Connecticut has been a significant dairy producing state for almost as long as it has been called Connecticut. Our Yankee focus, however, did not tend toward the unnecessary or the frivolous. At least not until the farming and refrigeration technologies made it possible to direct some of that iron-clad work ethic and energy to the dessert end of the meal.
Don’t misunderstand; iced desserts have been around for a long time in one form or another. Persia is probably the first on record with a combination of vermicelli and a semi-frozen syrup of rosewater and sugar. The Chinese followed, when they used mountain snow to freeze a milk and rice mixture. Nero established relays from the Alps to bring ice to Rome where it was blended with fruit flavors. Some twelve hundred years later, Mughal emperors duplicated the ice relay with horsemen carrying ice from Hindu Kush to Delhi. Finally, Catherine de’ Medici brought iced desserts to France when she married their king.
Since then, the process was tweaked here and there. Cream and milk became important ingredients. Various pieces of equipment were developed then abandoned for the next. Perhaps a butter churn was the seed idea for the first wooden ice cream maker. The next step was taken by a Danish immigrant, a schoolteacher and candy store-owner (now that was clever merger). Said entrepreneurial schoolteacher devised a way of wrapping a block of ice cream in chocolate in 1919. With that the Eskimo Pie was born. One ice cream parlor owner’s elegant daughter pointed out that the chocolate covered ice cream bricks were too messy to be able to eat delicately. This complaint inspired the freezing of a flat wooden handle in one end of the block.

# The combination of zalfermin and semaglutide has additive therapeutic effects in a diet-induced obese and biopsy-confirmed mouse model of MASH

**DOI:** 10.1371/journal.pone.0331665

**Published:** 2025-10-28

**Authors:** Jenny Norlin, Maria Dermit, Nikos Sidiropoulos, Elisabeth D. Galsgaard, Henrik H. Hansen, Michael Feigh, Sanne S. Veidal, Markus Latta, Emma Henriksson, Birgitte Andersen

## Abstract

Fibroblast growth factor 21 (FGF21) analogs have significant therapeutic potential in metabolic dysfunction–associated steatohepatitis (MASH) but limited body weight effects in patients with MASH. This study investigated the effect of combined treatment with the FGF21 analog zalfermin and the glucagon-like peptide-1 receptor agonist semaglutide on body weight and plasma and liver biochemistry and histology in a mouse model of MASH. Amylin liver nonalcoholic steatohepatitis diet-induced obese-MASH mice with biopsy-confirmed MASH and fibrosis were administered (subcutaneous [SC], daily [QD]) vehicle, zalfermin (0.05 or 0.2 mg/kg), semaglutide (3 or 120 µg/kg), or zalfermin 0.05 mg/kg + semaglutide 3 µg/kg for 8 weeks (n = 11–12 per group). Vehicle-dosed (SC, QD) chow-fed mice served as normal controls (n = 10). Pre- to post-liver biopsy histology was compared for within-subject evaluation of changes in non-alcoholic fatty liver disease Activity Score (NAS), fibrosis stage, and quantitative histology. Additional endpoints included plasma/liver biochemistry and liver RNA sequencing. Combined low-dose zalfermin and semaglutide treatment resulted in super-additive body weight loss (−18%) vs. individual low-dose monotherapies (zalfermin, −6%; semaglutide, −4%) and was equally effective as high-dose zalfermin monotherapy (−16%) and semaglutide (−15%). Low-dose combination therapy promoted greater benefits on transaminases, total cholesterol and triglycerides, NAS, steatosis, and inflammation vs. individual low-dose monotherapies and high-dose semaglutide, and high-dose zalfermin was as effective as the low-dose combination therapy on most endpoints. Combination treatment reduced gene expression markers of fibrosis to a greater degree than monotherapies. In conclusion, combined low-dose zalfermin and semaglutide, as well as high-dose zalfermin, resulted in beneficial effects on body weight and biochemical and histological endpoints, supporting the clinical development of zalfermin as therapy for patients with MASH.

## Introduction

Meanwhile others designed a method of putting a freezer-like contraption on wheels, creating the first ice cream man-on-the-street. Naturally, there was great competition. One improvement led to another all over the western world. The development of Ice cream was not limited to commerce, faster, easier methods of making the frozen treat at home were being made available. Today we have many choices, but like so much else, fresh is best. The freshest, sweetest fruits, milk and cream are transformable into the world’s most popular dessert in a twinkle by an innumerable home counter top ice cream makers.
Let’s return for a few minutes to our local products. Connecticut has produced premium dairy products for decades. Likewise, its maple syrup is second to none. Connecticut has a history of interesting food combinations, like clam pizza and holy pokes, which we will explore another time. But did you know that Connecticut is the birthplace of Maple Bacon Ice Cream? Only Yankee knowhow could figure out how to combine breakfast and dessert.